Conditions at for-profit immigrant detention facilities in Texas draw legal action

A protest earlier this year outside an immigrant detention center in Karnes County, Texas. A legal motion filed this month seeks to force the Department of Homeland Security to enforce basic standards at the privately-run facility. (Photo by WeAreUltraviolet via Flickr.)

Although President Obama's policy to extend deportation relief to millions of young immigrants and immigrant parents was temporarily derailed this week by a federal judge in Texas, the other half of his November announcement on immigration -- a crackdown on border security -- has been rolling forward. But the administration's hard-line approach toward immigrant children and families is under fire from human rights watchdogs and immigrant advocates.

In early February, lawyers representing Central American families held in family detention centers in Karnes City and Dilley, Texas and in Leesport, Pennsylvania filed a legal motion in a Los Angeles federal district court calling on the Department of Homeland Security (DHS) to protect the rights of the 1,000 detained immigrant children and their mothers held at the three centers. The motion urges DHS to uphold standards set by a class-action settlement in Flores v. Johnson, which states children should have a reasonable opportunity to be released on bond as they await hearings and that detained children be held in safe and appropriate conditions.

According to a Human Rights Watch researcher quoted in the lawyers' statement, the families described being "kept for prolonged periods in very cold rooms, given inadequate or inappropriate food, and denied medical care." Two private prison industry giants -- Nashville, Tennessee-based Corrections Corporation of America (CCA) and the GEO Group of Boca Raton, Florida -- manage the Texas facilities.

Deplorable conditions at immigrant family detention centers is not a new issue. In 2009, years of lawsuits and activism led to the ending of family detentions at the T. Don Hutto Residential Center outside of Austin, Texas, which is also run by CCA and is named for one of the company's founders. Children there were reportedly held under substandard conditions and treated like prisoners. The issue flared again recently following the surge of unaccompanied Central American children, notably at the now-closed government-run detention center in Artesia, New Mexico, where children were not properly provided for and families were swept up in expedited deportation proceedings.

After closing the Artesia camp, DHS opened the Dilley facility, which is slated to be the largest family detention center with a capacity of 2,400 beds once construction is complete. The Karnes center opened at the same time as the Artesia center in response to the border crisis, and together the Texas and New Mexico facilities expanded the total number of beds for family detention from 100 to over 1,200.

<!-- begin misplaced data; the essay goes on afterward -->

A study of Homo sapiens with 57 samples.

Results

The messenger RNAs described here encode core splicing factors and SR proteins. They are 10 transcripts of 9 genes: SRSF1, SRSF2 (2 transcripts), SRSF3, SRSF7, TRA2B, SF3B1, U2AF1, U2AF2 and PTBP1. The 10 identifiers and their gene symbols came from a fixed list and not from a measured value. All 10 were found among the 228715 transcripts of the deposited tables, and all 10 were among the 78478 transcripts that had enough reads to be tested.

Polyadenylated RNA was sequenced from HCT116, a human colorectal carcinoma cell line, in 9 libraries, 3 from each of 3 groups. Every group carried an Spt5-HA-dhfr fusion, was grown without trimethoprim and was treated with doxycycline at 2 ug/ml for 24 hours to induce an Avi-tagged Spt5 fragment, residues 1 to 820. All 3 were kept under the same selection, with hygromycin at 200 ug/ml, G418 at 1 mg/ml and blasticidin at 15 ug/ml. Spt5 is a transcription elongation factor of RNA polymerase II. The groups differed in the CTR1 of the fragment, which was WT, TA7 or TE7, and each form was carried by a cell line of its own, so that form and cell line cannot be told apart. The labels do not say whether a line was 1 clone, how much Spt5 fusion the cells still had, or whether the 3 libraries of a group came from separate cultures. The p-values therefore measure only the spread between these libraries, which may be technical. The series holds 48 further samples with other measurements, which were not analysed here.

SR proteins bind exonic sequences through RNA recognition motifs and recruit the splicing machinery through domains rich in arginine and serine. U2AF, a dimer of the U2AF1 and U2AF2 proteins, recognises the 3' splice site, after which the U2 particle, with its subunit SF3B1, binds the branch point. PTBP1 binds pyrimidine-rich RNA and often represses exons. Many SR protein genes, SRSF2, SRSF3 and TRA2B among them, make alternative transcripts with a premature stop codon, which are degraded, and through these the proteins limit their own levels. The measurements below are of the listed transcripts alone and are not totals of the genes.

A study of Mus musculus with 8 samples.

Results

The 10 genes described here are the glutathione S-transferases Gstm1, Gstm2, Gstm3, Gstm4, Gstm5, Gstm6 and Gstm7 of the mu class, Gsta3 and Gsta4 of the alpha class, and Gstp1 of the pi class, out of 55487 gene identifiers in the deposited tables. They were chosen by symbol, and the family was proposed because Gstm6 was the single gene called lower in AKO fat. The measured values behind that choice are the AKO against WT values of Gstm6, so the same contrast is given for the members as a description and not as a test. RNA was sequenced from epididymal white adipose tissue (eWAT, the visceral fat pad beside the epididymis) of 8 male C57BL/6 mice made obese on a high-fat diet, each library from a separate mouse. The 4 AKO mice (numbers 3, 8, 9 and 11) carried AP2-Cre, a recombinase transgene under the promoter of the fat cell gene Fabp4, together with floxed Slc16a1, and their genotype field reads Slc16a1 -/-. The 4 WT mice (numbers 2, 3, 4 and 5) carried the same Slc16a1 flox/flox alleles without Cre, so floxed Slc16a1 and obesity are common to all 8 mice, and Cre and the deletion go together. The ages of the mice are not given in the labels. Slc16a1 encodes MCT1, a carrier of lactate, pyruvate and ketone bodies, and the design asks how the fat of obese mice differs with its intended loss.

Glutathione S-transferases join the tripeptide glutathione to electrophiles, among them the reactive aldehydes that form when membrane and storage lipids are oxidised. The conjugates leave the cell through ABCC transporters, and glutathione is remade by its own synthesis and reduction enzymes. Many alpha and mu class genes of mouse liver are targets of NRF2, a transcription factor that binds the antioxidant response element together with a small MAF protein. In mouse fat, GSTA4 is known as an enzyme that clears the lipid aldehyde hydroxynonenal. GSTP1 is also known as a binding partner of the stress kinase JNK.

DHS presumably plans to fill these beds through its blanket "no-release" policy adopted at the height of the border crisis last summer to deter others from coming to the U.S. The lawyers who filed the motion say DHS is continuing to apply the policy to children accompanied by their mothers, even as it has released unaccompanied children and individual adults who meet release criteria. The lawyers are demanding the department release qualified families including those seeking asylum.

At the opening of the Dilley center last December, DHS Secretary Jeh Johnson was clear about the purpose of these strict detention measures: "Frankly, we want to send a message that our border is not open to illegal migration, and if you come here, you should not expect to simply be released," he said.

The lawyers and other immigrant rights advocates have also raised concerns about the detention centers being managed by private prison companies. The new Dilley center is managed by CCA, the country's largest private prison company. CCA has a long track record of human rights abuses at its prisons, including at the troubled Hutto Center, where children were forced to wear prison scrubs, roused in the middle of the night by guards' flashlights, restricted from having toys in their cells and threatened with separation from their parents for misbehavior.

The Karnes center is run by GEO Group, the second-largest private prison management company in the U.S. A report issued last October by immigrant and refugee advocates blasted the Karnes facility for using the same inhumane practices as Hutto and called for that facility as well as the one in Artesia to be closed. The GEO Group denied the claims.

For-profit prison companies' management of immigrant family detention centers is just one aspect of the industry's larger involvement in immigrant detention and the country's immigration enforcement policies. Nationwide, the private prison industry manages more than half of all beds for immigrant detainees, for which they receive over $1 billion in federal funds each year.

Meanwhile, the industry spends millions each year on lobbying and campaign contributions -- helping to ensure that, whatever reforms may eventually be adopted, the U.S. will continue to lock up thousands of immigrants.